For more than two decades a device, known as the inferior vena cava filter (pictured below), has been routinely inserted into trauma patients in a bid to prevent clots that might form in their legs from migrating to their lungs (the results of which can be fatal).
It’s an invasive and expensive procedure and, until now, its efficacy has been unknown. Debates about whether inserting them into every trauma patient is the best course of action have dominated medical agendas since the filters became widely available. Thanks to a landmark Australian study that’s been published in The New England Journal of Medicine, clinicians at the coal face of trauma care finally know when, and on whom, this type of device should be used.
WA researchers – led by Royal Perth Hospital intensivist Dr Kwok Ming Ho – found that there was no significant benefit to the intervention being provided in the initial days following injury, and that insertion of the device was unnecessary for most trauma patients. The researchers’ findings were based on a randomised controlled trial of 240 severely injured patients admitted to Royal Perth and Sir Charles Gairdner hospitals in Western Australia and the Royal Brisbane and Women’s Hospital in Queensland.
The study showed that having a filter inserted within the 72 hours following injury, did not significantly alter patients’ risk of either having a pulmonary embolism or of dying. “We acknowledge that there is a very real need to reduce patients’ risk of developing blood clots following a major injury, but our research shows that routine early deployment of these filters is not the solution,” Dr Ho said. “Instead, the use of a filter should be reserved for those patients who are having bleeding problems or who remain at high risk of bleeding for at least a week after their severe injury.” Dr Ho said that when considered alongside the costs and potential risks associated with the invasive nature of the device, it was clear that the filter should not be used routinely.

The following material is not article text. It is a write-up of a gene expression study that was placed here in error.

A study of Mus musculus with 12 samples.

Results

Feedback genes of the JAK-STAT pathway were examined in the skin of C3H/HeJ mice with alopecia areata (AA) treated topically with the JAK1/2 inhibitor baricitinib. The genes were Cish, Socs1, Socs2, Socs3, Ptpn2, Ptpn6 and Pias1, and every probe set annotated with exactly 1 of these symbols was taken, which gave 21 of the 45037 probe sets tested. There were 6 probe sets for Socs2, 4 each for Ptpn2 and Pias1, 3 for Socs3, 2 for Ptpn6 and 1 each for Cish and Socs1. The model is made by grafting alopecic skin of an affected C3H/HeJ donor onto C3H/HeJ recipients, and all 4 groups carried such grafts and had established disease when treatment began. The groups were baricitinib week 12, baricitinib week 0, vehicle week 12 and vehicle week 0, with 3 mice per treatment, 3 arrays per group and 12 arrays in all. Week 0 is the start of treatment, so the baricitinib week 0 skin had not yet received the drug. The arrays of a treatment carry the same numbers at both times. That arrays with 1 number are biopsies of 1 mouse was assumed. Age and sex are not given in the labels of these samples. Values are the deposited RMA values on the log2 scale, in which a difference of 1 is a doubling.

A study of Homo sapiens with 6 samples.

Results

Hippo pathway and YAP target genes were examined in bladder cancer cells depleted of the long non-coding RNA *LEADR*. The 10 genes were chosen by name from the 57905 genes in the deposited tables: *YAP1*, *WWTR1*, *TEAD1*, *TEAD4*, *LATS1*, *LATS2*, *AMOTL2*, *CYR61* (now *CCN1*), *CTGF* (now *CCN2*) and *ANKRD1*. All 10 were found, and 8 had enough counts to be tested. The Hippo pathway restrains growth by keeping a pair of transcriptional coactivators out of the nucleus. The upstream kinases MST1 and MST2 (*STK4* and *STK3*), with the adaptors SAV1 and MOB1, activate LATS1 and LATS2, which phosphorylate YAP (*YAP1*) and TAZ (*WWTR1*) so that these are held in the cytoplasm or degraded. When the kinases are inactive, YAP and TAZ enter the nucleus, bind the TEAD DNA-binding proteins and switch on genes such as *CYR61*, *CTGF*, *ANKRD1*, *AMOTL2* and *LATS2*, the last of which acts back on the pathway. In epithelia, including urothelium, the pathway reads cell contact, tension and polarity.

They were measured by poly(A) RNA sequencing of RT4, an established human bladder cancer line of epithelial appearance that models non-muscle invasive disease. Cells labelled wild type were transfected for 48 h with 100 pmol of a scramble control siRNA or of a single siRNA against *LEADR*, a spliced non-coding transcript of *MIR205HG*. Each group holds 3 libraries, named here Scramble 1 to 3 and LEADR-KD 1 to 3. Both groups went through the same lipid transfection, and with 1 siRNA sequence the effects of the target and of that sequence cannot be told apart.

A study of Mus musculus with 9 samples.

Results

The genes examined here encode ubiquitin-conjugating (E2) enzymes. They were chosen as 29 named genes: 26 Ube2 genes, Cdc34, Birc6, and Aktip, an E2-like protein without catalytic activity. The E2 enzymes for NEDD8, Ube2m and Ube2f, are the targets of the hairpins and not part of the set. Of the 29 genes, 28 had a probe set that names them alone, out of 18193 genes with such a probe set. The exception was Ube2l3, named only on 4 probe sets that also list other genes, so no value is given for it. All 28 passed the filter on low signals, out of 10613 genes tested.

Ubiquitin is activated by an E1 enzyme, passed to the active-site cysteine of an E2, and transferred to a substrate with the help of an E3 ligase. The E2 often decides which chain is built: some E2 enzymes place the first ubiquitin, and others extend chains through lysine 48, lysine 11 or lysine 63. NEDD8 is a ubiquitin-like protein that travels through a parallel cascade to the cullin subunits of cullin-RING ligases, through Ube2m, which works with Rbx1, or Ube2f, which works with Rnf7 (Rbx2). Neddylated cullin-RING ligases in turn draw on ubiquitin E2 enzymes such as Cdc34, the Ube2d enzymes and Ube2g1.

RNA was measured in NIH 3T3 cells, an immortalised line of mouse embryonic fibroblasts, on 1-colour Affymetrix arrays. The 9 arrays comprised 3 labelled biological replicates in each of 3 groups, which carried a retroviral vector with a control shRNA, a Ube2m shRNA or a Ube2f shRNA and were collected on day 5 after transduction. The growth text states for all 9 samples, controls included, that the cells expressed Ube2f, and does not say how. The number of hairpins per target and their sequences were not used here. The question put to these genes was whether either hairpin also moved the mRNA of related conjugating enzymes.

Injured patients are at greater risk of blood clots due to a variety of mechanisms including immobility and possible damage to blood vessels and tissue.
The inferior vena cava is the largest vein in the abdomen and the filter is fed into it through a vein in the groin.
WA’s Chief Medical Officer, Dr Michael Levitt said the findings were an example of some of the excellent research being undertaken by clinician researchers in Western Australia’s public health system. “This is an important study that will simplify the treatment of trauma patients around the world by guiding clinicians on the specific circumstances in which these devices should and should not be used,” Dr Levitt said. Dr Ho was supported to undertake the research by a Department of Health/Raine Medical Research Foundation Clinician Research Fellowship, a State Government Research Translation Project grant and the RPH Research Foundation Trauma Research Program. Other WA Health members of the research team included Sudhakar Rao, Stephen Honeybul (pictured above with Dr Ho), Rene Zellweger, Bradley Wibrow, Alan Kop, Tomas Corcoran, Philip Misur, Cyrus Edibam, Jenny Chamberlain and Claire Forsdyke.
This trial was conducted in collaboration with Professor Ross Baker from Murdoch University, Professor Jeffrey Lipman and Dr Anthony Holley from the University of Queensland, Professor Frederick Rogers from the University of Pennsylvania, and Professor Elizabeth Geelhoed from The University of Western Australia.